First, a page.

Objectives: To investigate whether ultrasound-guided vacuum biopsy (VB) with curative intent is suitable for the complete extirpation of selected sonographically detectable benign lesions of the breast, and to establish the limitations of the method with regard to lesion size and complications, the extent of scar formation and the prognostic value.
Methods: One hundred and nine patients underwent hand-held, ultrasound-guided VB (8G or 11G needle) between June 2000 and September 2003. Of these, 45 (41%) women underwent ultrasound-guided extirpation of 46 lesions, and 42 women with 43 lesions were followed up clinically and sonographically for an average of 5.9 months. The complete extirpation rate, residual lesions, and patient satisfaction with the intervention were evaluated.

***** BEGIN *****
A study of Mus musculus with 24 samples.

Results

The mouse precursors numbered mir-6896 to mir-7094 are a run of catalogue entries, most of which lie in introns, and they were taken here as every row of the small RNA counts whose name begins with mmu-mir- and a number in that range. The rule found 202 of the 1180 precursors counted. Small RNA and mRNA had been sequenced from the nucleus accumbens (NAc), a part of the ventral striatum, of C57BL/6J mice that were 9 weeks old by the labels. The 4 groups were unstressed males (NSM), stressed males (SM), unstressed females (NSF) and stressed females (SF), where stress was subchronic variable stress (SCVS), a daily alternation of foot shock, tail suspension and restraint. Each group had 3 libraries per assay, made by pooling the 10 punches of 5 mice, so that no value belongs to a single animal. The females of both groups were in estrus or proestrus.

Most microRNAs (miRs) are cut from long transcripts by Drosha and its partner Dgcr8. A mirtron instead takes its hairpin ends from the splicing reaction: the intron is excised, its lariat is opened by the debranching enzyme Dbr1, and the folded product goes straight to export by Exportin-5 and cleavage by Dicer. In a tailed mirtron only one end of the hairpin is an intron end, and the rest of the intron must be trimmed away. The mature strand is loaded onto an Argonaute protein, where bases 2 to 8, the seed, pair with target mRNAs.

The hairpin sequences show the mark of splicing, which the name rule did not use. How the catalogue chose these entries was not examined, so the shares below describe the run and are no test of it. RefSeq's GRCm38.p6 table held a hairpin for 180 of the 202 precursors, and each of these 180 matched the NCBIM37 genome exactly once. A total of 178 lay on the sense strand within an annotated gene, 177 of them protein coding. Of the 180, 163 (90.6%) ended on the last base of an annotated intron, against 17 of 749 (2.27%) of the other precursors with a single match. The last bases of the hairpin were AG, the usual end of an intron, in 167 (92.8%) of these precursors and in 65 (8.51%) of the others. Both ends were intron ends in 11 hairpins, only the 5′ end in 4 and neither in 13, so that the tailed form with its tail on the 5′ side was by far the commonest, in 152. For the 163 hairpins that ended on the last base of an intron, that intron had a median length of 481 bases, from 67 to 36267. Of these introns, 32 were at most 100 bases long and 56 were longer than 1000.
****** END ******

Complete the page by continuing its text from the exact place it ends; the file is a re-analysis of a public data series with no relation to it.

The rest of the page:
Results: Removal of all sonographic evidence of lesions (median diameter, 13 mm) was achieved in 86% of cases (8G needle, 80%; 11G needle, 89%). 19% of the patients had suspected scar formation at the biopsy site. A palpable lesion in the breast could be removed by VB in 90% of cases. None of the patients developed infections and there were no hemorrhages requiring intervention, or damage to the skin or chest wall. A total of 95% of the patients stated that they would prefer this approach to open excision for possible future intervention.
Conclusions: VB is an ambulatory procedure associated with a low degree of pain. It has a high degree of patient acceptance and, as a minimally invasive biopsy technique for benign lesions, is a good alternative to open excision. The rate of complications is low and is similar to that observed with conventional microbiopsy.